Each year on the 3rd of July, Richfield throws the Great Richfield Street Dance, a music festival crammed with beer and carnival food.
Jonathan O'Shaughnessy attended with his family in 2017. He was a 24-year-year kid who'd just gotten an apartment in Minneapolis, where he lived alone, trying out various jobs in trucking and construction to find his place in life.
As they walked home from the dance, a minivan drove past near the corner of Fourth Avenue South and East 64th Street, made a U-turn, and pulled curbside. The door slid open.
The driver called out," We're going to kill you," says Jonathan's mother, Cynthia Kuntz.
Shots popped off. Jonathan collapsed. The van took off.
There's a traffic camera on the corner where the shooting happened, but it's only used for triggering light changes and doesn't record. A couple of bicyclists rode past without stopping as the family cried out for help. At about a quarter after 11 p.m., the street was empty. No one else seemed to witness the shooting.
More than a year after Jonathan's death, his family has no answers. Jonathan's was Richfield's first murder in more than a decade. Despite a $25,000 reward for information, police don't have any suspects. Nor will they talk about leads, afraid partial information will taint eyewitness testimony if a trial ever comes.
"It appears to be just a random attack, but I don’t know," says Police Chief Jay Henthorne. "We haven’t had anything that’s been similar to that since that homicide.... But until we find who the suspects are and do some interviews and things, we won’t know what their motive is."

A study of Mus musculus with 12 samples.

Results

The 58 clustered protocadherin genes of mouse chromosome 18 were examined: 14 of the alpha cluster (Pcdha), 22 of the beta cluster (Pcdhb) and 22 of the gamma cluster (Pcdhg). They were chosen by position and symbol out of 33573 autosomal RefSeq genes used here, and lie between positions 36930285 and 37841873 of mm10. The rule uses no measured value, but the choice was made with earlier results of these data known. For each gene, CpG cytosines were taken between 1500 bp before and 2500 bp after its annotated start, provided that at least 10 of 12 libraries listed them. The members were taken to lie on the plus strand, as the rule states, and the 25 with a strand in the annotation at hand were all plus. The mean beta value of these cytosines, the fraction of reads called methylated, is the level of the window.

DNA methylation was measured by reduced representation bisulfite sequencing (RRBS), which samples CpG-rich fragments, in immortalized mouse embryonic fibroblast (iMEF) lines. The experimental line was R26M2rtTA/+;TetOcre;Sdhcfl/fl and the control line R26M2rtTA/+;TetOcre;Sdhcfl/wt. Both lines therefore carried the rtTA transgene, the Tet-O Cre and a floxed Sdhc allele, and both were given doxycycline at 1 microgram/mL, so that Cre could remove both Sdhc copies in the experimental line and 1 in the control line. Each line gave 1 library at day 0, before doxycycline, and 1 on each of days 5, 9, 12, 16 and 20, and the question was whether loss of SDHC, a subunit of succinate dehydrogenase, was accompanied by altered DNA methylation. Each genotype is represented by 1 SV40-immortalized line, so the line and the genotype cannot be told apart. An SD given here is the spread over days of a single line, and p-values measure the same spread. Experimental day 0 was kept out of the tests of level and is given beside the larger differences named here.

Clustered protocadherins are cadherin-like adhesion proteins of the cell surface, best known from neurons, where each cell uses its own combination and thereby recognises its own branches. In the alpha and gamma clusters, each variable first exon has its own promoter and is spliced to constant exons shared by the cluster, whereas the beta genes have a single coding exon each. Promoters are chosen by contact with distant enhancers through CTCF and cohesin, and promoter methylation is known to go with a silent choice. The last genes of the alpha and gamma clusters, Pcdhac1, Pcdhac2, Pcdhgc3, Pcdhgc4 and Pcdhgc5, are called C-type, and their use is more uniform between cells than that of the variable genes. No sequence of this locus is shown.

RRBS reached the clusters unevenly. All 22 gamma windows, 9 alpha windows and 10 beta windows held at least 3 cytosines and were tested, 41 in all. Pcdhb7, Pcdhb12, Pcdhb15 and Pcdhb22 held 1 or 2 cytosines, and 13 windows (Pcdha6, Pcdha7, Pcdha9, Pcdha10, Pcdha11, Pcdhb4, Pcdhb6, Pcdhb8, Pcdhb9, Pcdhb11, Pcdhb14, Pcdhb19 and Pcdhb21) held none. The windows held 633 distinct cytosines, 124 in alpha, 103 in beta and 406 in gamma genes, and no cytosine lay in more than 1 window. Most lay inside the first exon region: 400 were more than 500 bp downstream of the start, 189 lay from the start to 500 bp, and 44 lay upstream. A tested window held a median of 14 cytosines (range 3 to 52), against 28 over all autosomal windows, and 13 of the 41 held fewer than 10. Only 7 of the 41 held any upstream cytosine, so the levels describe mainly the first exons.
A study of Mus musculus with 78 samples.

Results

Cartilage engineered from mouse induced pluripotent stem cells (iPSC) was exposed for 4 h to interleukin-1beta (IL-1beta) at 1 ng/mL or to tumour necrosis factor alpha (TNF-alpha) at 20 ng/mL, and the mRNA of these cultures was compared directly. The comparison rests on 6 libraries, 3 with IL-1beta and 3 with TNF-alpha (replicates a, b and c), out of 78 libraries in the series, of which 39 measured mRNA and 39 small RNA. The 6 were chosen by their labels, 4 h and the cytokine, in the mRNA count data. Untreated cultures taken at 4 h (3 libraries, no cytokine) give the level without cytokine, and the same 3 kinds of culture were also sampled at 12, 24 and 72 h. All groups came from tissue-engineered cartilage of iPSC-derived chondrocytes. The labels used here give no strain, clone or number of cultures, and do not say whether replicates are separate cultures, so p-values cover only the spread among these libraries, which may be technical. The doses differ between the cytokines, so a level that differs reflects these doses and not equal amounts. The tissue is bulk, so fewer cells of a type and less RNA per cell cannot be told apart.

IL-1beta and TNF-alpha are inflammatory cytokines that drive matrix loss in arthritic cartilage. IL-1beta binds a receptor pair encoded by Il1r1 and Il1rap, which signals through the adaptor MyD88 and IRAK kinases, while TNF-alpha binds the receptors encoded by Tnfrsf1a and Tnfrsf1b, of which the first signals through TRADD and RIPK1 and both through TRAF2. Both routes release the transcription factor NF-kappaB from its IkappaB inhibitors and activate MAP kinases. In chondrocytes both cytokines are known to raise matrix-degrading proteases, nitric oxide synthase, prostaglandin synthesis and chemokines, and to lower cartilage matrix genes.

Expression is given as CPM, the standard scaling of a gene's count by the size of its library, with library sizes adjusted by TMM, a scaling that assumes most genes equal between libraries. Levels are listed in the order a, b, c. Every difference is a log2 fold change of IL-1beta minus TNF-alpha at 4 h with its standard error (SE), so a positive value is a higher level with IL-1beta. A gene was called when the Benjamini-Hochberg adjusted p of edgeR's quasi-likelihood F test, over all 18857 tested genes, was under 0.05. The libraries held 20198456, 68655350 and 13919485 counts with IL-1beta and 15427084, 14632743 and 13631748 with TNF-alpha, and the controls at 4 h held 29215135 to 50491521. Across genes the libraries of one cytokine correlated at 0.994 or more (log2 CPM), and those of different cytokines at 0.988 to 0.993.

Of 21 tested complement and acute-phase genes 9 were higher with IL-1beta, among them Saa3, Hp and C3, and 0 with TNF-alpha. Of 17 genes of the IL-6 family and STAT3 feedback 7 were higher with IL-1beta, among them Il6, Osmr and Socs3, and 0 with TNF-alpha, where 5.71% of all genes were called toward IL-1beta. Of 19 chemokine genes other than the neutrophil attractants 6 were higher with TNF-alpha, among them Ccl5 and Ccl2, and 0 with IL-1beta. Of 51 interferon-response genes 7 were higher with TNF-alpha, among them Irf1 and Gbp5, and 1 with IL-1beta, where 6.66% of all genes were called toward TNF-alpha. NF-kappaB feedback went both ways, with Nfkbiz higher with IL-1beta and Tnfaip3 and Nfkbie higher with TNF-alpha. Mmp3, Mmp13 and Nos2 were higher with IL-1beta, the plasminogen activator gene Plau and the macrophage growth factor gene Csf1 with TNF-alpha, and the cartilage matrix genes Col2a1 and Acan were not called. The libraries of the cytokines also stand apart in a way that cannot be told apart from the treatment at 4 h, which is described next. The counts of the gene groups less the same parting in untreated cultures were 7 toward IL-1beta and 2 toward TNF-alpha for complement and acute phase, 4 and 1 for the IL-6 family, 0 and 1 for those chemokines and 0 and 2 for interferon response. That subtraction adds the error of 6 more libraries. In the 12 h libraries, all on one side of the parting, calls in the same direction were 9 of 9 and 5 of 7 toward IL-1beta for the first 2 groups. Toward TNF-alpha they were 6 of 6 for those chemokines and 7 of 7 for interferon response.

That leaves the family in the dark.
Not knowing where Richfield police have canvassed, which cameras they've checked, or whether DNA testing has been done, Kuntz has taken it on herself to double track the police investigation.
She's doorknocked in the neighborhood, trying to find out what people may have heard or seen. She's papered telephone poles with pleas for information, replenishing flyers each time the rain washes them away. Whenever a light-colored minivan flashes past and makes the hair on the back of her neck stand up, she notes the license plate and offers it to investigators. She has consulted psychics and mediums.
In September, Rachael Joseph of Survivors Lead, an organization that advocates for victims of gun violence, asked the Bureau of Criminal Apprehension to step in with fresh eyes.
According to Chief Henthorne, the BCA agreed to review Richfield's investigation so far.
Meanwhile, Kuntz is doing all she can to keep her son's memory alive by giving back to the city where he grew up.
Nearly every month, she has something planned: CPR training at the fire department, back-to-school backpack donations, Red Cross blood drives, highway cleaning, and potlucks. She collected 850 pounds of food for Richfield High School's food shelf. Next month, she's getting supplies for a local animal shelter.
This is all she thinks about, day and night.
"How do you grieve when you don't know who did it?" Kuntz asks. "The pain is indescribable. You can't breathe. You just scream inside that you want answers, and they don't come."
To visit the Justice for Jonathan O'Shaughnessy Facebook page, click here.